Rewriting the program of America’s economy: speculations on the long-term inefficacy of the Obama stimulus plan

There’s no shortage of perspectives on the state of the economy and proposals for the federal stimulus plan. I don’t claim to be an economist, but I’m an American and I have an opinion. And a blog. Watch me go.

I’m not clear whether Facebook is an enhancement or a detriment to my life. I might be causing myself undue stress reading popular analyses of our bad-weather economy. I’m not sure it’s a good idea to give Robert Kuttner’s article on the Obama stimulus plan any further airplay, because it’s conventional economy version 1.0 dressed up as a progressive 2.0 version – or perhaps just 1.4 or 1.5. Anyway, his article is here:

Below is the comment I posted to his article. As with all reader comments on the Internet, they’ll fade into obscurity in about 3.7 minutes. I took my inspiration from a conversation this evening with a colleague. Perhaps I should tame my cynic and instead emanate rays of sunshine. I’m human, and we’re all moody. But what’s really got me on the edge of my seat are the popular assumptions that the economy will rebound, market mechanisms will continue to work and perhaps even yield environmental good, and everything will be hunky dory. Sounds like a scared ego holding onto the last threads, fighting like mad to continue its existence, slicky convincing everyone to remain calm, it’s all going to be just fine. And it will be fine – everything’s perfect as it is, right? – the paradigm will be quite, quite different. Anyway, my critique du jour (I think that’s du soir, to time it correctly) of Economy 1.0.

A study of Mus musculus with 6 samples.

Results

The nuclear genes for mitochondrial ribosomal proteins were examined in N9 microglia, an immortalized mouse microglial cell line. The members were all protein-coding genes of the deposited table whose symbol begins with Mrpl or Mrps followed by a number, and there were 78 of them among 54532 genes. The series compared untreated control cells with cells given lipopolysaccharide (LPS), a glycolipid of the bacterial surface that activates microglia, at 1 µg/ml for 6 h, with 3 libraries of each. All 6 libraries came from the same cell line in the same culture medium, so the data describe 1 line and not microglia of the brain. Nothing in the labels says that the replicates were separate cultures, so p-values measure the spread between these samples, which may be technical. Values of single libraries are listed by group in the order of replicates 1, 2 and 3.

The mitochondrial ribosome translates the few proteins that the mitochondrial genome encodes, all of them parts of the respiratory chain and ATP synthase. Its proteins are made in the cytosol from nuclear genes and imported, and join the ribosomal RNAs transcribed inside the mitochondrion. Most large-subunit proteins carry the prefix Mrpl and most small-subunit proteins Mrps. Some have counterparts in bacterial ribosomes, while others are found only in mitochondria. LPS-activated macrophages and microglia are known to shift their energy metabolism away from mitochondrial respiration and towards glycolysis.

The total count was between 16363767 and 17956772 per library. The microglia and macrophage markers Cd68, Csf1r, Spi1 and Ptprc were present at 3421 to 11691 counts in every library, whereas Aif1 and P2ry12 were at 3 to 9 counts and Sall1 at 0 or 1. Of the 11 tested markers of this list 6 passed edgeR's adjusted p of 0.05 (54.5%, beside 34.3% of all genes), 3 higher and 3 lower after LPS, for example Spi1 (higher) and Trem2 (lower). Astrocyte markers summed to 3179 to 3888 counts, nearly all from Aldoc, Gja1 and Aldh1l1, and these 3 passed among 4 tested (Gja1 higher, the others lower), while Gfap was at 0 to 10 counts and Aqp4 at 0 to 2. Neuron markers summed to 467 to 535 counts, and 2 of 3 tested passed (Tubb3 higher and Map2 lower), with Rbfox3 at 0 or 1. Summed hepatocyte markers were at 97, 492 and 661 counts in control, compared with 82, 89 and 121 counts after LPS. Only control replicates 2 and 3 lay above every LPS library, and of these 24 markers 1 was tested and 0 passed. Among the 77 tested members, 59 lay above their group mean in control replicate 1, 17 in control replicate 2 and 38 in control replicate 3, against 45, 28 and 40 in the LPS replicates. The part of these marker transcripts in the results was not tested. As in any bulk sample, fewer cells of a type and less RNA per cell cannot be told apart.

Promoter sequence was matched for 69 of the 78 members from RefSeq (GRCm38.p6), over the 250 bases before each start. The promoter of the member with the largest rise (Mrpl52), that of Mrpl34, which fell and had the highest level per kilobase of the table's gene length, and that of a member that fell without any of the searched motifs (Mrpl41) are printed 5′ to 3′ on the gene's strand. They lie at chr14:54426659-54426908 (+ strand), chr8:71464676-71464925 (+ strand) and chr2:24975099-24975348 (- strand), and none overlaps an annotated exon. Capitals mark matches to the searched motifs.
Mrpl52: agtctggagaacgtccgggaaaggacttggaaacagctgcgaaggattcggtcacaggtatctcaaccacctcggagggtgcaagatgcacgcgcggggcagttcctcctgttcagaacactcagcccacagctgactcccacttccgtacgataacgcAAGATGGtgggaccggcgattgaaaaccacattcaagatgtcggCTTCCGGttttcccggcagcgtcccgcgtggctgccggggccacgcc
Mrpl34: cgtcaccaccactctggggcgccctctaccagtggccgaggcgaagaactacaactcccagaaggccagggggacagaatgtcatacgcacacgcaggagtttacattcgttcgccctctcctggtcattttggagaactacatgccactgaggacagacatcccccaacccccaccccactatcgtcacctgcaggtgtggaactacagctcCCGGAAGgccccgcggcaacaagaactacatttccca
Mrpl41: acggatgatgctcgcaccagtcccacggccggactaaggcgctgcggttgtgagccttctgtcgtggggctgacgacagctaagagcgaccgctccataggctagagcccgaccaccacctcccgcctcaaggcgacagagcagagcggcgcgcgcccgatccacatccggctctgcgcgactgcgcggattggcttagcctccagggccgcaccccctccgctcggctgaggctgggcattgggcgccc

“Kuttner unfortunately misses the point. Bandaiding a failing system
without rewriting the software of the machine will produce the same
unsustainable results the current economy gives us. Giving the patient
a short-term blood transfusion doesn’t do anything to address the
fundamental flaws in the economic paradigm that is trashing the planet
and its people: growth. We have a brilliant opportunity to put the
growth monster to bed and focus our intellectual capital on building
and strengthening our natural and social capital.

Kuttner’s proposal concludes: “Stimulative Effect: Instant.” I offer:
Longevity: None. Why would anyone want to spend their hard earnings
propping up a health care and insurance system, as Kuttner proposes,
that are utterly flawed, when I could channel those resources into
retiring and rewriting real, function systems? They would do it for
the same reasons we do anything else under Economy 1.0: short-term
benefit. I appreciate Kuttner’s platform must remain moderate enough
to be published, heard, and taken moderately seriously. But he appears
to be a conventional economist dressed in a progressive thinker’s
clothes, evidenced by saying, “As the economy returns to normal…”
Conventional economists can’t cope with the notion that the economic
software, in its version 1.0, will crash into obscurity and not be
rebooted. He almost redeemed himself by saying, “We need a permanent increase in public outlay to pay for adequate levels of public and social investment.” Almost. But as long as the fundamental fiscal structure remains, the growth monster is poised for another kill.

We will benefit the most from leaders who will step over the finely constructed and defended line and have the courage to upgrade and redesign a new economy where people prosper and profits lose meaning. Expecting anything less from ourselves and our leaders, no matter what number comes before the Trillion, is unconscionable.”